NOº 2243

Sacred Text: “Golf in the Kingdom” by Michael Murphy

The year: 1971.

A pivotal year in the American consciousness. In this, the second year of the 1970s, Disney World opened in Orlando and on the very same day — October 1, 1971, to be precise — I was born! This confluence is significant. I’m not sure how or why yet, but give me a couple more decades, and I’ll figure it out.

At any rate, 1971 is also the year that Michael Murphy wrote a slim (and not-at-all Disneyfied) volume called Golf in the Kingdom. Half-novel, half-spiritual-manifesto, and published in 1972, it would soon become a cult classic for golfers, New Age types, and especially New-Age-type golfers (of which there are, perhaps surprisingly, quite a few).

First, some background on Murphy, Reader’s Digest version:

  • Born into a northern California family of means.
  • Attends Stanford, joins a frat, and goes pre-med.
  • Wanders into a comparative religions lecture on accident and gets hooked.
  • Starts meditating, drops out, goes to India.
  • Comes back, does some other stuff (finishes a degree in psychology, gets drafted into the army, etc).
  • Then ultimately convinces his grandmother to let him and a buddy (who, PS, would later be randomly smashed to death by a boulder while hiking) establish a New Age retreat center on family land in Big Sur.

That retreat center, the Esalen Institute, survived the anything-goes Sixties — unlike so many other similar operations — and it still exists today, preaching the gospel of meditation, encounter groups, gestalt therapy, yoga, massage, and the whole East-meets-West mind-body-spirit connection.

Which is to say, Murphy and his Institute were seminal forces in bringing the New Age, Self-Help movement into the American mainstream, where it happily (and lucratively) bobs along today.

Yes, you would be correct if you were to say that Murphy hails from what is arguably the most European place in America — northern California. But, as a 1998 profile in the Stanford alumni magazine rightly observes,

In a sense, Murphy reflects a classic American, can-do optimism. He has a Jeffersonian belief in the perfectibility of man and a Norman Vincent Peale-like confidence in the individual’s ability to improve.

There is, in fact, nothing quite so American as a steadfast belief in the primacy of Self-Help (so-called). It says so right there in the Declaration of Independence: life, liberty, and the pursuit of happiness.

Murphy eventually left the day-to-day operation of Esalen (around the time I was born — surely this too is significant) so that he could devote himself full time to writing books. His first, Golf in the Kingdom, introduced Shivas Irons to the world.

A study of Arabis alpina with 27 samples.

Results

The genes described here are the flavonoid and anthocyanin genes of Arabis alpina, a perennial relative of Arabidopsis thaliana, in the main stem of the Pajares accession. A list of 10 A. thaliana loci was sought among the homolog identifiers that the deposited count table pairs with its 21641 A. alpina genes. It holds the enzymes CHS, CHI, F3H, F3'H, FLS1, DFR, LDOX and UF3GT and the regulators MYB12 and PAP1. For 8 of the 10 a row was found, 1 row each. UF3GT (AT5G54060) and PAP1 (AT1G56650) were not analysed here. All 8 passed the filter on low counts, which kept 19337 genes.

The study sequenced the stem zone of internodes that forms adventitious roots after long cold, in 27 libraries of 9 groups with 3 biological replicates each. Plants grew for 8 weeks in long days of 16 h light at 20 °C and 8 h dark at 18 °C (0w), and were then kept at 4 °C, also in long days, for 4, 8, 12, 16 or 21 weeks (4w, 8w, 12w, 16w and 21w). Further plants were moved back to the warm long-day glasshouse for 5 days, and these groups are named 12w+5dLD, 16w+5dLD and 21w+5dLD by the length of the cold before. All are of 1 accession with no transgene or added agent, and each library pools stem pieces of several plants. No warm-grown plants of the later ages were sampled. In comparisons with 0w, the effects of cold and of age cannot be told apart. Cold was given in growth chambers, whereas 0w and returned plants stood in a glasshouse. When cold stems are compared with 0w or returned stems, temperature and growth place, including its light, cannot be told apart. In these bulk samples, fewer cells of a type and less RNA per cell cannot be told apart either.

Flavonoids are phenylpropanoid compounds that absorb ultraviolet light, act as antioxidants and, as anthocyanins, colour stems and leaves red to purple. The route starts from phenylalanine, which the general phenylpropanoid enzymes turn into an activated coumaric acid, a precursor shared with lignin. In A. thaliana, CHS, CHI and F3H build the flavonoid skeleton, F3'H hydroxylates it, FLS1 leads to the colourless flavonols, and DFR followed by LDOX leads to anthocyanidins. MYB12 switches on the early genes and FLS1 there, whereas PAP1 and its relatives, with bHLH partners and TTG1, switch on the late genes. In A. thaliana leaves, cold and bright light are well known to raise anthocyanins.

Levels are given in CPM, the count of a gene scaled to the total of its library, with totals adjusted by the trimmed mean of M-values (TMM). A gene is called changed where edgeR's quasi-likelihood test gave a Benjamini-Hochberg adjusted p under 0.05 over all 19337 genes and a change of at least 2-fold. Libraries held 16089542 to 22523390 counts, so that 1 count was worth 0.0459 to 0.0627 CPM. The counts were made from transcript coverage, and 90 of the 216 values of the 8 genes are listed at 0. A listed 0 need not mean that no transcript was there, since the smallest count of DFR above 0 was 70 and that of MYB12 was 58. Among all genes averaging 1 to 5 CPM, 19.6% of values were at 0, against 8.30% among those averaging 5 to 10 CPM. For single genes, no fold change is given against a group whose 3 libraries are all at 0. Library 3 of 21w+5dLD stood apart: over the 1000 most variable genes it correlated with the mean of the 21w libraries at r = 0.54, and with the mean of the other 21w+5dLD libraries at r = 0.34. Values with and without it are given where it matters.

Golf (if not the world) has never been quite the same since.

The novel’s main character, who also happens to be named Michael, encounters Shivas at a fictional links course in Scotland that bears more than a passing resemblance to the Old Course at St. Andrew’s, the so-called birthplace of golf. The novel’s Michael finds himself there (in both senses of that expression) passing through on his way to an ashram in India. Equal parts yogi and golf pro, Shivas takes Michael out for an 18-hole magical mystery tour that, you know, changes everything.

I have played golf since I was eight years old. In that thirty-plus years, I have had a handful of peak athletic experiences on a golf course. Mostly of the momentary variety. A tee shot here, a putt there. I still remember one inconsequential 4-iron shot circa 1995, for instance, during which the club face felt like an extension of my cupped right hand, and I was sure I had thrown that little white ball onto the green from nearly 200 yards away. Someone who does not play golf might not appreciate the profundity of that experience.The something-numinous-just-happened, there’s-something-bigger-than-me-at-work(play)-here feeling. I mean, it’s hard to hit a 4-iron pure. When you do it, you get the unmistakable sense that divine intervention is very likely involved.

But that’s not really why this book is on the list.

This book is on the list because it was likely the first do-it-yourself spiritual tract I had ever come across, one in which a writer sought to put the very largest questions of spirit and consciousness and Essential Cosmic Purpose into the context of his own bourgeois American experience.

Part story, part philosophy, part idiosyncratic and ultra-personal how-to…

Maybe you can tell, but that whole idea kind of stuck with me.